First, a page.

LITTLE ROCK, ARK. Retired Gen. Wesley Clark, who boasts a four-star military record but concedes he has gaps to fill on domestic policy, told political advisers Tuesday he would join the presidential race as the 10th Democratic candidate.
The Arkansan immediately displayed his potential to shake up the nomination fight, gathering party operatives from across the nation for a strategy session that overshadowed Sen. John Edwards' long-standing plans to formally launch his months-old candidacy.
Senior officials close to Clark said he planned to announce his intentions today in Little Rock at a boys and girls club. He enters the race late, against long odds.
Just four months before the first votes are cast, Clark has no formal organization in key states, little money and a patchwork staff culled from the political organizations of former President Clinton and former Vice President Al Gore.
Clark, 58, also has no political experience. None of this deters Clark's supporters, who point to his foreign policy credentials and charisma.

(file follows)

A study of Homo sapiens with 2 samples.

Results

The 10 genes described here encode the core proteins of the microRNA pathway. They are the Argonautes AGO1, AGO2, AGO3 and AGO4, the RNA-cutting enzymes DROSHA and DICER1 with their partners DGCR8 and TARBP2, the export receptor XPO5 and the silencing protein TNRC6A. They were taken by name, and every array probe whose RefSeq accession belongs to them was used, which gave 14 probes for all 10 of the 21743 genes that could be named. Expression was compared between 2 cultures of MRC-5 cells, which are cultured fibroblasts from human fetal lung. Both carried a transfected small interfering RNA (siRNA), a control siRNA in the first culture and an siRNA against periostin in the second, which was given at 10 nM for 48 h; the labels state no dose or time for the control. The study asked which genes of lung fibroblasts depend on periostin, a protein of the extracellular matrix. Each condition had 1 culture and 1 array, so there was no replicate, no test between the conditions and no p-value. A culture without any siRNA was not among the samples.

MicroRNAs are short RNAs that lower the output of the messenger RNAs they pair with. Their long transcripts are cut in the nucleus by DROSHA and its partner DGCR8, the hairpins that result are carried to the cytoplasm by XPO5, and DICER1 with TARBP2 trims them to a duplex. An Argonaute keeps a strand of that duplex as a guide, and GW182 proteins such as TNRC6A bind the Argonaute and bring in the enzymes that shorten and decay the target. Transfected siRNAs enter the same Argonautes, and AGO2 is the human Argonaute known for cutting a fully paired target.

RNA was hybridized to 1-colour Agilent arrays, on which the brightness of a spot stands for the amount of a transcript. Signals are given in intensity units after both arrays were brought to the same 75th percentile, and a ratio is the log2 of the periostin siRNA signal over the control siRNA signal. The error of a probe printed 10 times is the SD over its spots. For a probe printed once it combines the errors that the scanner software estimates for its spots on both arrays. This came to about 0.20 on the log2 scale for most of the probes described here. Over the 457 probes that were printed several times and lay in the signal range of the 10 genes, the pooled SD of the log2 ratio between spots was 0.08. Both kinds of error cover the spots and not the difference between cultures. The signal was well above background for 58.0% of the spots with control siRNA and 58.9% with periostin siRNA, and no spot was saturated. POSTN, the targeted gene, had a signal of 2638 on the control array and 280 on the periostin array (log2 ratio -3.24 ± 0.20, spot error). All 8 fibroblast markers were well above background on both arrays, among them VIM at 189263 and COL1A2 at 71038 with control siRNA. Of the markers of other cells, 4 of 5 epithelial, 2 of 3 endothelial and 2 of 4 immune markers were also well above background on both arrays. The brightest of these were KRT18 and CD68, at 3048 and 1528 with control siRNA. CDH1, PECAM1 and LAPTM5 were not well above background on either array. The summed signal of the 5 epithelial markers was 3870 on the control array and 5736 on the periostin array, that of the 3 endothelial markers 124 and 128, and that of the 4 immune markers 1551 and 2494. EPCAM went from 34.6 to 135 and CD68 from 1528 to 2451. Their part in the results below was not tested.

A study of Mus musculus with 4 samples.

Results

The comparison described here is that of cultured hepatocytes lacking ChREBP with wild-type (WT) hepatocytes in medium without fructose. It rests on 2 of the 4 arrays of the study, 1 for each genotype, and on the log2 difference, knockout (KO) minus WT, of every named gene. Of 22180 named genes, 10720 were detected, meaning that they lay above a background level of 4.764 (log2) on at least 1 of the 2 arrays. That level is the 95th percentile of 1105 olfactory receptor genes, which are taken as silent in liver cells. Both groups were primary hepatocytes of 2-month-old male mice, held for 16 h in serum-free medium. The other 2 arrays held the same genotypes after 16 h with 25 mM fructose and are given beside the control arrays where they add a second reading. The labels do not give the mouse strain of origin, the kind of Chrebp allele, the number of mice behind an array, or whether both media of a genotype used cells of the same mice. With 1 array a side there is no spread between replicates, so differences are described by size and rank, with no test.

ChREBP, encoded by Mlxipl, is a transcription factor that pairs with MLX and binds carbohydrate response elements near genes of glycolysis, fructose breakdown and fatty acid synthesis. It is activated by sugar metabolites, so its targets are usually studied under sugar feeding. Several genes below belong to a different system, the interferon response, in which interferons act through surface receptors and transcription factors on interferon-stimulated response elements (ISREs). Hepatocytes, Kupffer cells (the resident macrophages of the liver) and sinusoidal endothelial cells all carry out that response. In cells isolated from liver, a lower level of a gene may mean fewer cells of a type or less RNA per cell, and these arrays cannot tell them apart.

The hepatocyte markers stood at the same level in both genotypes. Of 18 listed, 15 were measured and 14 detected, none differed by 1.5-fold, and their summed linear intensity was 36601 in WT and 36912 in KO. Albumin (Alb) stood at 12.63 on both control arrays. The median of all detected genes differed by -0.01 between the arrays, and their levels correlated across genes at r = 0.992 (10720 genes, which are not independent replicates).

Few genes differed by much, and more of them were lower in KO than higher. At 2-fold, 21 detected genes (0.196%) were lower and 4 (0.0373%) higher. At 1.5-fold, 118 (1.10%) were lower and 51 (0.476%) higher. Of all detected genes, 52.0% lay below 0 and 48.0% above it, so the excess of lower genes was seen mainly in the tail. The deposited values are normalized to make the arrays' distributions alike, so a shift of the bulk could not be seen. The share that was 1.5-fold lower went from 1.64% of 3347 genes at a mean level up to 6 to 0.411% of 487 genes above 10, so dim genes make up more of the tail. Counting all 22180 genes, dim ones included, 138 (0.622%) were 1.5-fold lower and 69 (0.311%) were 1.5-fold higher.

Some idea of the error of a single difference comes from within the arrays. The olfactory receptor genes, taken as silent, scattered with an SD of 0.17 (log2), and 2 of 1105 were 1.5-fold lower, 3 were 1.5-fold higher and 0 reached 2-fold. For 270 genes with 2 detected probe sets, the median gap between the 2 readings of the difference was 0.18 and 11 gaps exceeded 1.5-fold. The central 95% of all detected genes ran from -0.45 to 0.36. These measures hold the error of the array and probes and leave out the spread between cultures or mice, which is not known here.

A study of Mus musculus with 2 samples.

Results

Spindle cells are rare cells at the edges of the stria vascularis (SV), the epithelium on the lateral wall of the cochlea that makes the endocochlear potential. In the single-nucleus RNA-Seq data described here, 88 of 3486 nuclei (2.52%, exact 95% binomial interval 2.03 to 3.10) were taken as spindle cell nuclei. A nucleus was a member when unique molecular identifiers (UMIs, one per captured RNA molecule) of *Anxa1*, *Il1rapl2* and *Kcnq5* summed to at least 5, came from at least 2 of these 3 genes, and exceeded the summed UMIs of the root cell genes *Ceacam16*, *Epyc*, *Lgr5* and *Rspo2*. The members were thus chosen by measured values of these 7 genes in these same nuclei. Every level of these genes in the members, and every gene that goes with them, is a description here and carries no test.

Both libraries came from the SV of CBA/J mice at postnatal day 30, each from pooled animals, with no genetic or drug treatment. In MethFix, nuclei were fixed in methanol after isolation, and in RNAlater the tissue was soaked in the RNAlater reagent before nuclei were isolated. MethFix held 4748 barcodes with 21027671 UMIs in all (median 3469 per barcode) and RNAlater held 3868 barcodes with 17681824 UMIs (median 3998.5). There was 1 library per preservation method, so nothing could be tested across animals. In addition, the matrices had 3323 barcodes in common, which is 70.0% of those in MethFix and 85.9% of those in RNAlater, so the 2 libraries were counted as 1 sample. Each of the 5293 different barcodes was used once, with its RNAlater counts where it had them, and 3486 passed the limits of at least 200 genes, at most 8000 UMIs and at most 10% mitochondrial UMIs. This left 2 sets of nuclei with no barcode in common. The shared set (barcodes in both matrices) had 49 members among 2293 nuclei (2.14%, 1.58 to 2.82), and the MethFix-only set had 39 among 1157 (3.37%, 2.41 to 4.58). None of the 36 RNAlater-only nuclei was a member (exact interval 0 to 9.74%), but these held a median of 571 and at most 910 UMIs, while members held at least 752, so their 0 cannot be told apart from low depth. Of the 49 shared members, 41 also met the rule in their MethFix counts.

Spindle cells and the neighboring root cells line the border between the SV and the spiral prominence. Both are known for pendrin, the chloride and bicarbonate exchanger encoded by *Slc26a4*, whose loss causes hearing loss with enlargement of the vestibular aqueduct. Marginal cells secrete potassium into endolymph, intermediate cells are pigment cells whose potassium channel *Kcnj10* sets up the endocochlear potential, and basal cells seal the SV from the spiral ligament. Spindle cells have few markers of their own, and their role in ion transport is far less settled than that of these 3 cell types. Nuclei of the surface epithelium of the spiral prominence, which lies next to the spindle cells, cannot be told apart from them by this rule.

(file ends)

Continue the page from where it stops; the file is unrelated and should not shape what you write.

"It's not too late to get in the race," Clark told The Associated Press, adding with a wink and smile, "if I decide to run."
Asked if he was ready to start telling Americans about his position on domestic issues, Clark said, "I'll do my best, but there will be a lot of things that I don't know right away."
The Web site of Draft Clark for President 2004, one of several groups working for him for months, documents Clark's positions on a range of issues:
- Favors abortion rights and affirmative action.
- Opposes Bush's tax cuts and would consider suspending some of them.
- Opposes drilling in the Arctic National Wildlife Refuge.
- Worries that civil rights were suspended after the Sept. 11, 2001, terrorist attacks.
Clark, wounded in the Vietnam War, believes his military service would counter Bush's political advantage as a wartime commander in chief. Clark is a Rhodes scholar, first in his 1966 class at West Point, White House Fellow and head of the U.S. Southern Command and NATO commander during the 1999 campaign in Kosovo.
His potential has caught the attention of some lawmakers and at least one important labor leader, Gerald McEntee of the 1.5 million-member American Federation of State, County and Municipal Employees.
Clark also is considered a potential vice presidential pick by his rivals.
The former general, a regular on cable news shows, has been critical of the Iraq war and Bush's postwar efforts -- positions that would put him alongside announced candidates Howard Dean, Sen. Bob Graham of Florida and Rep. Dennis Kucinich of Ohio as the most vocal anti-war candidates.